Nearly 50 years later, ex-officer meets 'lost' girl again
DAVIDSVILLE, Pa. — As a Richland Township Police Department criminal investigator, retired Capt. Tony Palm spent much of his career handling tragic cases that brought criminals to justice.
But for many years, his mind often shifted nearly 50 years into reverse to a case with a small-town, storybook ending, he said.
It was the day he reunited a Bedford County family with a 3-year-old girl who was left inside Gee Bee store on Scalp Avenue — a moment captured by a Tribune-Democrat photographer’s lens in 1972.
As it turns out, that “little girl” — Bernadette Imgrund — hadn’t forgotten the day either.
On Monday, Palm’s eyes grew wide and swelled with tears as Imgrund — now a retired X-ray technician living in Altoona – walked into his Laurel View Village care home to greet the man who reconnected her with her father those many years ago.
“Bernie! You’re here,” Palm said, reaching toward the doorway with an outstretched hand.
This time, cameras captured a hug nearly 50 years in the making.
“It’s so nice to meet you,” she said, taking his hand.
‘I lost my daddy’
Now 90, Palm has been retired as a police officer for the past 25 years after spending most of his career as a full-time Richland Township investigator.
Four years ago, he moved to Laurel View, he said.
During weekly visits, his son, Tony Jr., helped chronicle his life and career in the book “My Life in Stories.”
And for the cover, he chose a black-and-white newspaper photo of then-Capt. Palm and a smiling, curly-haired “Bernie” Imgrund together moments after he found her in 1972.
The book helped serve as an inspiration to reunite the two, according to Karen Palm-Jones and Diane Little, two of Palm’s five children.
Imgrund said the family was able to track down her cousin through Facebook – and conversations started from there.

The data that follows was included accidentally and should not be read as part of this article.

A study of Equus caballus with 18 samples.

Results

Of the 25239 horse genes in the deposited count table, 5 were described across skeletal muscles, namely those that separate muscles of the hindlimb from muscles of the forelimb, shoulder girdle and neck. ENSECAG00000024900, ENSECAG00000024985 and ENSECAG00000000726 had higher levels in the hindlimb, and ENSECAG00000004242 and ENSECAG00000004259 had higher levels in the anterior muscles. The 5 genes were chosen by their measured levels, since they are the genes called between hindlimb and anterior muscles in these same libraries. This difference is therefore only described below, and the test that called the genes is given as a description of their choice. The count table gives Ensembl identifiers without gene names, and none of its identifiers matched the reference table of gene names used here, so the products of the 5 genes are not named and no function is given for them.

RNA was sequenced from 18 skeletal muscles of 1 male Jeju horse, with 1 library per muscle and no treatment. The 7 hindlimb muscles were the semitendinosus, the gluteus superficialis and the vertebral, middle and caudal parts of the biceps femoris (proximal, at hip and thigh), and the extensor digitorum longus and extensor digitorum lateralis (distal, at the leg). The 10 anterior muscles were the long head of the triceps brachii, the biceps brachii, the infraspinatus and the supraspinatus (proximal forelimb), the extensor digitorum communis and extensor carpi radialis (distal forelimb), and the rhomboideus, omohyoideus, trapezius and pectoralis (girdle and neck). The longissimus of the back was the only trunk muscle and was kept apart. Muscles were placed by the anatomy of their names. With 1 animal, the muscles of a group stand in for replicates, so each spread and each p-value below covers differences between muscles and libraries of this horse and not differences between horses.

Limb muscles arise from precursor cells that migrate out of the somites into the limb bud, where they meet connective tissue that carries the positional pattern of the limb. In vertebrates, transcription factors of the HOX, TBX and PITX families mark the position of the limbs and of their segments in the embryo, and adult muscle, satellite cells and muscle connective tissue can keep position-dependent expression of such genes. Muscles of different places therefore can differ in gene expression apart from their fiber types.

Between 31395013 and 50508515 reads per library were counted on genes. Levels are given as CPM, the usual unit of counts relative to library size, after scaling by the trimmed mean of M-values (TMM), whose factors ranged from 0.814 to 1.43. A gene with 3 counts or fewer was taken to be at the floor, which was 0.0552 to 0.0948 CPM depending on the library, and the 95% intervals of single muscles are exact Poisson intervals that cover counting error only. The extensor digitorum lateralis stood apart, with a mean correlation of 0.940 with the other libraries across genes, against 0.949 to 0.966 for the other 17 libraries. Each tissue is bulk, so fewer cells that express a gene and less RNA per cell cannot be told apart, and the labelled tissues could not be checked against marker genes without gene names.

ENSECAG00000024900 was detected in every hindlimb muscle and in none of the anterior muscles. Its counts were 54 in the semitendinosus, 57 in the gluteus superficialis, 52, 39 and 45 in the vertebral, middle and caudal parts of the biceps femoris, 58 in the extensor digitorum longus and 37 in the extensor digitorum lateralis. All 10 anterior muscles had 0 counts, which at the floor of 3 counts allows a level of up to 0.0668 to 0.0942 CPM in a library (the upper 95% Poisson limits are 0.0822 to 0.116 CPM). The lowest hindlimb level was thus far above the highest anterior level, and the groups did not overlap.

She said she felt “uneasy about being the center of attention” again, but welcomed the opportunity to meet Palm.
“I still remember being in that store and telling people ... ‘I lost my daddy,’ ” she said. “It wasn’t that he lost me. I felt like I lost him.”
‘Going to be OK’
As it turns out, her father – with his car packed full of children as old as 12 – was halfway to Bedford before realizing his youngest daughter was missing.
Store staff called the police department, and Palm entered to see the young, nervous child.
“I remember thinking to myself as I was walking in, ‘Here I am, walking in wearing my uniform. I hope I don’t scare her.’ It was the last thing I wanted to do,” he recalled.
Instead, it was one of one of Imgrund’s earliest memories, she said.
“I remember instantly knowing that when a policeman found me, I was going to be OK,” she said.
‘God put me there’
Imgrund said she can remember riding on the front-seat bench of the police car back to the station – on Luray Avenue in those days, according to Palm.
They waited there until her father was located.
“This was before cell phones, obviously,” she said, noting that her father ended up back-tracking to the department store and discovering his daughter was at the police station.
“I remember my dad scooping me up that day and giving me a big hug,” she said.
Imgrund said she often teased her father about the moment when she grew older, but never forgot about the friendly officer she met that day.
Palm said he was simply doing the core of a police officer’s job – serving others in a time of need.
“God put me there to help her that day,” he said.
Imgrund’s boyfriend, Randy Leonard, thanked Palm for his service.
“Every time we see that old picture, we (talk) about that day,” Leonard told Palm, while the group sat and chatted inside a Laurel View meeting room. “Who ever could have imagined we’d be here together 50 years later?”